Saturday, October 30, 2010

Courtesy, Part Two: Your Inner Reader

In my last blog entry, I talked about treating your characters with courtesy. This time, I focus to a group more grounded in reality: the readers.

When I say courtesy, you tell a reader the best possible story you can. You never at your critics, or even your fans, if they disagree with you or say that your story sucks. And when you are writing, you ALWAYS try to write a good story.

You are your story's first reader. Are you writing this story to please yourself- to explore an idea, take yourself on a trip into another person's head, or to attack a frontier no author has attempted? Are you uncomfortable with your preference for tied-up detectives- and tackle it in fiction?

If you are a writer, an idea won't always be fun to explore. You may write yourself into a dark alley with a serial killer and the heroine has nothing but her hairspray and a big mouth. You may end up in a boring part when the antihero blasts through a prison. But corners do not necessarily mean that you haven't pleased your inner reader. It merely means that your inner writer has gotten in over his or her head, which can happen.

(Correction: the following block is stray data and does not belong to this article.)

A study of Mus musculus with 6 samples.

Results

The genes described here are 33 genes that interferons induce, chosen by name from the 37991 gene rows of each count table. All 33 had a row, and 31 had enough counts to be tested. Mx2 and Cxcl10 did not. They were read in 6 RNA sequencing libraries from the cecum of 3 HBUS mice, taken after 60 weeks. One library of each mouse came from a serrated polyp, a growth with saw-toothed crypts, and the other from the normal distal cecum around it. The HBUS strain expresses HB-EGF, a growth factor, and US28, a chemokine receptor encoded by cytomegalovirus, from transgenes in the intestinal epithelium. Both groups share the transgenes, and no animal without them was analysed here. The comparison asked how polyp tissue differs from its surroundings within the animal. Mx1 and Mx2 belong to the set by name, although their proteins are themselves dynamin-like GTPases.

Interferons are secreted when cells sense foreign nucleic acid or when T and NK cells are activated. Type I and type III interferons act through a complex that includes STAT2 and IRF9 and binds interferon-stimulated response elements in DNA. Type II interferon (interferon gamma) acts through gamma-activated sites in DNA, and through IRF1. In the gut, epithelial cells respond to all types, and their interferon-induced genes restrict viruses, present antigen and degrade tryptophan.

Here is a big no-no, however, no matter what you write: NO SLACKING OFF WHEN CLASSMATES ARE READING!!! If you are taking a creative writing class, your classmates want to assess your strengths and weaknesses while you write and maybe spend a few minutes enjoying a story. When you put no effort into your work, they cannot help you become better writers, and they will know when you haven't gotten into the story. Your inner reader will know, and not care. At least until the criticism hits.

Your inner reader's judgment will fragment. You will stop writing for a few days, or at least throw out a few pages of work. And your inner reader will only come back together when someone says that they like your story and shows you how to make it better. Or if you pick up a new book and cheer up for the next round.

ALWAYS try, at least for the sake of your inner reader. You may not be able to fix the errors in your story sufficiently, but at least you will have tried. And you will be able to trust yourself when you revise.